The Verizon-Yahoo deal
was a foregone conclusion, expected to be announced on Monday
, and sure enough, the carrier just put up a press release as breaking news on its website. According to the posting, Verizon will acquire Yahoo's assets for $4.83 billion in cash, which is a far cry for the peak valuation of the company, which at one time glorious time was as big as Google or Apple, netting $125 valuation at the height of the first dotcom boom.
A whole generation of pioneering Internet users have been raised with Yahoo's home page as nascent web portal, just like now a whole generation is getting raised up with Google's minimalistic search box. Yahoo's website was anything but, though, as it offered news, weather, card games, and a detour towards its incessant groups and chat threads, which introduced millions of people to the dubious wonder that are internet forum discussions. In any case, Verizon is getting all that jazz for less than $5 billion, and might get some coin out of Yahoo's still-strong billion of active monthly users.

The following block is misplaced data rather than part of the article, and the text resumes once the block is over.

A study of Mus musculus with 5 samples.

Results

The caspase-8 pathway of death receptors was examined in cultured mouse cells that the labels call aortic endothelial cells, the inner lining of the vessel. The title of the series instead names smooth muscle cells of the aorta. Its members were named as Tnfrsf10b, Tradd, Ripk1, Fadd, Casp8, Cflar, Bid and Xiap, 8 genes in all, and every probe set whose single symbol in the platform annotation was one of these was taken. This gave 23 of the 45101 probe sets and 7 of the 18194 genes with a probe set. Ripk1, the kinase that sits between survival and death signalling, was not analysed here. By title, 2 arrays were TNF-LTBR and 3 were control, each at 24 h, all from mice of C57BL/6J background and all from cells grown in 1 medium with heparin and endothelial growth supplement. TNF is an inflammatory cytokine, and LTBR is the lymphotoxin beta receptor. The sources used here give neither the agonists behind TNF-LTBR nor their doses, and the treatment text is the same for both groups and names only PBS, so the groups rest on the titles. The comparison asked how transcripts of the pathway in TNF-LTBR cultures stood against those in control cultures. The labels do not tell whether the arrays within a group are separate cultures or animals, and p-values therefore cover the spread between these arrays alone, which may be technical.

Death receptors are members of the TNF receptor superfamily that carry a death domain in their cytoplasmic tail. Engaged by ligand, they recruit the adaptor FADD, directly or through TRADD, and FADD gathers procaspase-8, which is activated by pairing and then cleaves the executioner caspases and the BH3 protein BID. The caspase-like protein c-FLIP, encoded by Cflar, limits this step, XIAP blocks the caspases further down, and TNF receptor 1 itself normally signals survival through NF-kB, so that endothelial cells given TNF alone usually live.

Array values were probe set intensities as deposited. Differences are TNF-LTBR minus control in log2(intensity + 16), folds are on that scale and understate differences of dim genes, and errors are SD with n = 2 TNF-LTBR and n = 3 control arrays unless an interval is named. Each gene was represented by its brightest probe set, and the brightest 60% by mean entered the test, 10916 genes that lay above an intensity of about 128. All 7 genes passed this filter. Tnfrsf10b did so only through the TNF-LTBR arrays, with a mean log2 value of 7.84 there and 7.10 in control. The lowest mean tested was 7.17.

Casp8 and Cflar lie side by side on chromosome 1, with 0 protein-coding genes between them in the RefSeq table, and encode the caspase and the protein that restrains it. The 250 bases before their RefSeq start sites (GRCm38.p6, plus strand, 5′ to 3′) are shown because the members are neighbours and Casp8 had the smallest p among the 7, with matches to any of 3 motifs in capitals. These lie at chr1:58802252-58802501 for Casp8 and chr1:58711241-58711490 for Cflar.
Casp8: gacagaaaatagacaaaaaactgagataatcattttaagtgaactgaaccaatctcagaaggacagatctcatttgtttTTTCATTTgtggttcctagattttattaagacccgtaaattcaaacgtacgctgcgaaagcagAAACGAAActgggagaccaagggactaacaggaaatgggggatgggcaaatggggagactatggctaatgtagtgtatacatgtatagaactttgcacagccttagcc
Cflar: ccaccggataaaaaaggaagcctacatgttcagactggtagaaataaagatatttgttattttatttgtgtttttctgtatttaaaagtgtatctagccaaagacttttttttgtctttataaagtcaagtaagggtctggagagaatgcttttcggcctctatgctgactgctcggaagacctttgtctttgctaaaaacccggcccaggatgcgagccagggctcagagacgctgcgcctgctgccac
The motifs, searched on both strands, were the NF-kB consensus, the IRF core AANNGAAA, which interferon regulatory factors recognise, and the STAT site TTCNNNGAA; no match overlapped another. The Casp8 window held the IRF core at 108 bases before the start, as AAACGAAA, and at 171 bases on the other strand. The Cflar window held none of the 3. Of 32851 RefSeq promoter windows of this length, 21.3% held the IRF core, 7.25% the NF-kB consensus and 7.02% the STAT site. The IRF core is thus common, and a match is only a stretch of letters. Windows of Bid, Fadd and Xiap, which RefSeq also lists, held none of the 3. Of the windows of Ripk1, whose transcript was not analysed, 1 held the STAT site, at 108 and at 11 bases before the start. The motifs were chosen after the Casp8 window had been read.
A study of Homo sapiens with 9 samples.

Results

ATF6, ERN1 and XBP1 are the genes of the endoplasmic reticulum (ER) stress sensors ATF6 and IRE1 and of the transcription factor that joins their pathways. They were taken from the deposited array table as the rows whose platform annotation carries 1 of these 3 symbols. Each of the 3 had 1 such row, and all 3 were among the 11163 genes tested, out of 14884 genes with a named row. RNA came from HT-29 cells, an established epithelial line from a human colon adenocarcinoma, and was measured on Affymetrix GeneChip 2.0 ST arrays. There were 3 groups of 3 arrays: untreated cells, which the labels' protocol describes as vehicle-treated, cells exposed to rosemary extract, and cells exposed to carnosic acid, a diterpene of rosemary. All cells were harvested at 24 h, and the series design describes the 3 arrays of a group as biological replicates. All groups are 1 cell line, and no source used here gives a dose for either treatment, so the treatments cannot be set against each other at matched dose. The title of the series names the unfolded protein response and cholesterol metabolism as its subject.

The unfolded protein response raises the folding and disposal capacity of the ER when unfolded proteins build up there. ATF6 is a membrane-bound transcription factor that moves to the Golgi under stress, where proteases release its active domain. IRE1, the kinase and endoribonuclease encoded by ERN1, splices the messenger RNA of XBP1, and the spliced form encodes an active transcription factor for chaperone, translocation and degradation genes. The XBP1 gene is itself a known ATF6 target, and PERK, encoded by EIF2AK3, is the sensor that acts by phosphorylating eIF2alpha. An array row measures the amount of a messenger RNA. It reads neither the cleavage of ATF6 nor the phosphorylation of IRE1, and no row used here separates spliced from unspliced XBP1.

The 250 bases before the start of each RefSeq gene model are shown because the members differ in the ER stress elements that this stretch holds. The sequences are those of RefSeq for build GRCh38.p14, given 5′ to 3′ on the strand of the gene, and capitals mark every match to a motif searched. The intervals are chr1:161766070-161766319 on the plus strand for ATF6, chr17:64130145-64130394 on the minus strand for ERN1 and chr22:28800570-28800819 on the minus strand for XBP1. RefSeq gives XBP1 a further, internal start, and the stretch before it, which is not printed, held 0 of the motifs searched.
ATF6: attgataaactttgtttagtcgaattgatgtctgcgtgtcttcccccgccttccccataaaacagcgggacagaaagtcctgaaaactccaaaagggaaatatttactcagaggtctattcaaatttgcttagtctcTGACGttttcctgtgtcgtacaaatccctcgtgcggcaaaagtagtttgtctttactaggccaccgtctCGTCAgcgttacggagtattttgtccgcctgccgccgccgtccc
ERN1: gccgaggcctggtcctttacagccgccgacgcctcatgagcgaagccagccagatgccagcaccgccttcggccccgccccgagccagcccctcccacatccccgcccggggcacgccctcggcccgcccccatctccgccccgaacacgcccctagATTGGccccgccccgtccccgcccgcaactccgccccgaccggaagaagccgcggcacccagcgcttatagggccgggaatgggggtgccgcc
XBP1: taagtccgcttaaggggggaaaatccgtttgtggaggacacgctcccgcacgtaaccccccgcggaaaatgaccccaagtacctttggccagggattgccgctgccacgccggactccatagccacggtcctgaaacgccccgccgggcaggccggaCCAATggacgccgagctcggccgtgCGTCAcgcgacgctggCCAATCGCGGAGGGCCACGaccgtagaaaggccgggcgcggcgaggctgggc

As for the CEO Marissa Mayer, she didn't do much to cover the high expectations of her when she headed Yahoo, but is still landing well with a nice $50 million golden parachute to break the glass ceiling downwards this time. Everyone is pretty jubilant, with the usual boilerplate optimistic statements coming from all CEOs involved, though Verizon isn't getting Yahoo's, say, Alibaba stake, or its cash, just the Internet and media part of the business. As part of the deal, Verizon will merge the Yahoo and AOL assets - it acquired AOL for $4.4 billion last year - under Marni Walden, its VP for Product Innovation and New Businesses organization.